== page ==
Office 2010 for business, Office Web Apps launched


Sweden’s Supreme Court has ruled that two of the judges scheduled to hear an appeal in the Pirate Bay case are unbiased. They had been accused of bias because of their involvement in pro-copyright organizations. The Supreme Court’s ruling means they will be able to hear the Pirate Bay’s appeal in a copyright case pitting it against record labels, film studios and other entertainment companies. The appeal hearing is scheduled for the end of September. The Pirate Bay’s four founders were found guilty of being accessories to crimes against copyright. If they fail in their appeal, they face a year in prison and must pay damages of almost 4 million dollars.

Microsoft Office 2010 launches for business

Microsoft Office 2010 will go on sale to businesses today, although consumers will have to wait until the end of June to buy their copy. The new version is about more than just new features and improved functions: Microsoft is also giving users an online version of its software that will compete with the likes of Google Docs. Microsoft’s Office Web Apps are lightweight versions of Word, PowerPoint, Excel and OneNote that allow users to view, edit and share documents online. That means you don’t need the productivity suite installed on a PC to access documents, you simply need an internet connection and a web browser.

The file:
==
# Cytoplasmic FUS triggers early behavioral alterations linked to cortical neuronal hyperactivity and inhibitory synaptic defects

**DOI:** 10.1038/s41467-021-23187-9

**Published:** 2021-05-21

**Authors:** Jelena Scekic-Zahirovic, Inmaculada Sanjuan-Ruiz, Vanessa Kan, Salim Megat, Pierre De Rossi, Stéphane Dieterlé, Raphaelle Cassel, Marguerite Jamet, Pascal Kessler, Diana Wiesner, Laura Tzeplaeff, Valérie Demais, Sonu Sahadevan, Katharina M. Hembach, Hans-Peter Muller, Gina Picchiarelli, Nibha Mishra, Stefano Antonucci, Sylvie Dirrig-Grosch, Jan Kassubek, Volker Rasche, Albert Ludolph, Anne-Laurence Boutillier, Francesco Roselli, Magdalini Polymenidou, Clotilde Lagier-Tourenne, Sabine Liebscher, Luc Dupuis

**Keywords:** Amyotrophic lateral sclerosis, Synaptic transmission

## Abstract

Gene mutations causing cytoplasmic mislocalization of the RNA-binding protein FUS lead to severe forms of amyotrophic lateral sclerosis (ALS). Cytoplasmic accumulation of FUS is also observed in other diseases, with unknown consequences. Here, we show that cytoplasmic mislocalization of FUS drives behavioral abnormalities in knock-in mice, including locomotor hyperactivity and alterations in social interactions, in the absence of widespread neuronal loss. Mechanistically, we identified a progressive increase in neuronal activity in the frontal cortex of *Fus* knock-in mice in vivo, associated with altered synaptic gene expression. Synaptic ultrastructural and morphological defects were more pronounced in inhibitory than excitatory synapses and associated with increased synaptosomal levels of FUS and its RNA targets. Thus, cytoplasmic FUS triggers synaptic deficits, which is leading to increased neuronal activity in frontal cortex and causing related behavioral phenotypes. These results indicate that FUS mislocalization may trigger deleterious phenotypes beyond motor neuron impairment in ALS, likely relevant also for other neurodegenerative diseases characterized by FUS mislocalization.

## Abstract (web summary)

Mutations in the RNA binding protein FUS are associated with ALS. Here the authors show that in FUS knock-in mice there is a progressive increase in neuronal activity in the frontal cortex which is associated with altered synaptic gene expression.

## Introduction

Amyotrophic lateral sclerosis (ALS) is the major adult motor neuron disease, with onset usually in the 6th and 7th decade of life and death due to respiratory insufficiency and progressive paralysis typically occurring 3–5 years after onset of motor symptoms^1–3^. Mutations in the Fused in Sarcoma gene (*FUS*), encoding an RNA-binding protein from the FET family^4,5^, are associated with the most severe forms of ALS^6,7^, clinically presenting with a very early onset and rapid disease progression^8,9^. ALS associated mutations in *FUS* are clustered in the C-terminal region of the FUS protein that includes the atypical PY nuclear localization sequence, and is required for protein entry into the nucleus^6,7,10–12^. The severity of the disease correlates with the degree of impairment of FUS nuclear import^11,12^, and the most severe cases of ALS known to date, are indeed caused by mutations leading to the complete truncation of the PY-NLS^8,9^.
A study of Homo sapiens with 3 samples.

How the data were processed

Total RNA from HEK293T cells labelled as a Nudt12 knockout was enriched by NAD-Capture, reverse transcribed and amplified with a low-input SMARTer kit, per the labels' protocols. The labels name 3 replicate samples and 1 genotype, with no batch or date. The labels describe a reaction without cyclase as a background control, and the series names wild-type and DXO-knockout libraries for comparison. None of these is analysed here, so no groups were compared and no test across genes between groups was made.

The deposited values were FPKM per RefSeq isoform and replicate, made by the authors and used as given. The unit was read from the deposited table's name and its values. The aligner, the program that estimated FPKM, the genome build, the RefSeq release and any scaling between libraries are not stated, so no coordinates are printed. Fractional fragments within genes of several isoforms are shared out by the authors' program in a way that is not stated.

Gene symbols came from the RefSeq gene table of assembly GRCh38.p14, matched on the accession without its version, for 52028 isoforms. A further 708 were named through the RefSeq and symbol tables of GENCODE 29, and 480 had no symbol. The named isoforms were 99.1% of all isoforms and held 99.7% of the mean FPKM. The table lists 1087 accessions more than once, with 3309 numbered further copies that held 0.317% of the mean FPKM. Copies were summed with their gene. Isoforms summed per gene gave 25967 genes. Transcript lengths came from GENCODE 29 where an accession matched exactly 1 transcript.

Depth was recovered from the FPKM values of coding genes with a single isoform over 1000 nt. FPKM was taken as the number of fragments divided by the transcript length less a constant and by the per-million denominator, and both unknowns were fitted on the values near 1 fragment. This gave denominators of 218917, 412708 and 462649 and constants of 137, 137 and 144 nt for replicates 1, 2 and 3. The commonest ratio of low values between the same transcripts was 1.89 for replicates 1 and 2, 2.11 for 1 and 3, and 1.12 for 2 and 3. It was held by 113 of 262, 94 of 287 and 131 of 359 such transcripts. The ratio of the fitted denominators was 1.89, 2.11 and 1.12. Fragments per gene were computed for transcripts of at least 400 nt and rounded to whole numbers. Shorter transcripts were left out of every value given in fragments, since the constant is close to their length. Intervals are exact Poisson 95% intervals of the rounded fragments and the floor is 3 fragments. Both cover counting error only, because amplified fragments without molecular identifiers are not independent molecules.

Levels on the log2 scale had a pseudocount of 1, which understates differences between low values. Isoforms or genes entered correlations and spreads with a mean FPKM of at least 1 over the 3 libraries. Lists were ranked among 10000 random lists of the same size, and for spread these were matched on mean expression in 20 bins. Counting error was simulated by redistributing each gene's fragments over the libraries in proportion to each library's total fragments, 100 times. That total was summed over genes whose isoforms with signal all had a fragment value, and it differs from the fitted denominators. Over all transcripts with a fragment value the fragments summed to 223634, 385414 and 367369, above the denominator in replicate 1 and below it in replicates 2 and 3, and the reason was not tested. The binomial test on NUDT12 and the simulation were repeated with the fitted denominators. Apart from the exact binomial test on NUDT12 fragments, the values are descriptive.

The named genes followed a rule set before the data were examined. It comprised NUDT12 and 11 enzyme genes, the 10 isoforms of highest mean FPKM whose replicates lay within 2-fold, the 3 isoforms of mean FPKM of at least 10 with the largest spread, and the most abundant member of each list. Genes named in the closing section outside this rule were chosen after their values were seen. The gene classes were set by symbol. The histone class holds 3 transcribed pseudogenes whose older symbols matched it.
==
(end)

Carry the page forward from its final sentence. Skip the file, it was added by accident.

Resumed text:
Mozilla keeps users up to date

Mozilla has expanded a service that checks if a browser’s plugins are current. It now scans Internet Explorer, Safari Opera and Chrome in addition to Firefox. Plugins are small bits of code that enable a Web browser to run other applications such as Adobe’s Flash player. Outdated plugins are a danger for Internet users, as they can contain software vulnerabilities that can be used to gain remote control over someone’s PC. Firefox gained the ability to scan its own plugins for outdated versions last year. Only a few plugins are covered by the scanning service for now, but Mozilla hopes to recruit other plugin developers to the program.

It’s not just plugin developers that Mozilla needs to recruit: it must also find a new CEO. After two years at the head of the company, John Lilly is quitting to become a partner in a venture capital fund. He will leave as soon Mozilla can find a replacement. Before becoming CEO of the browser maker, Lily was its chief operating officer.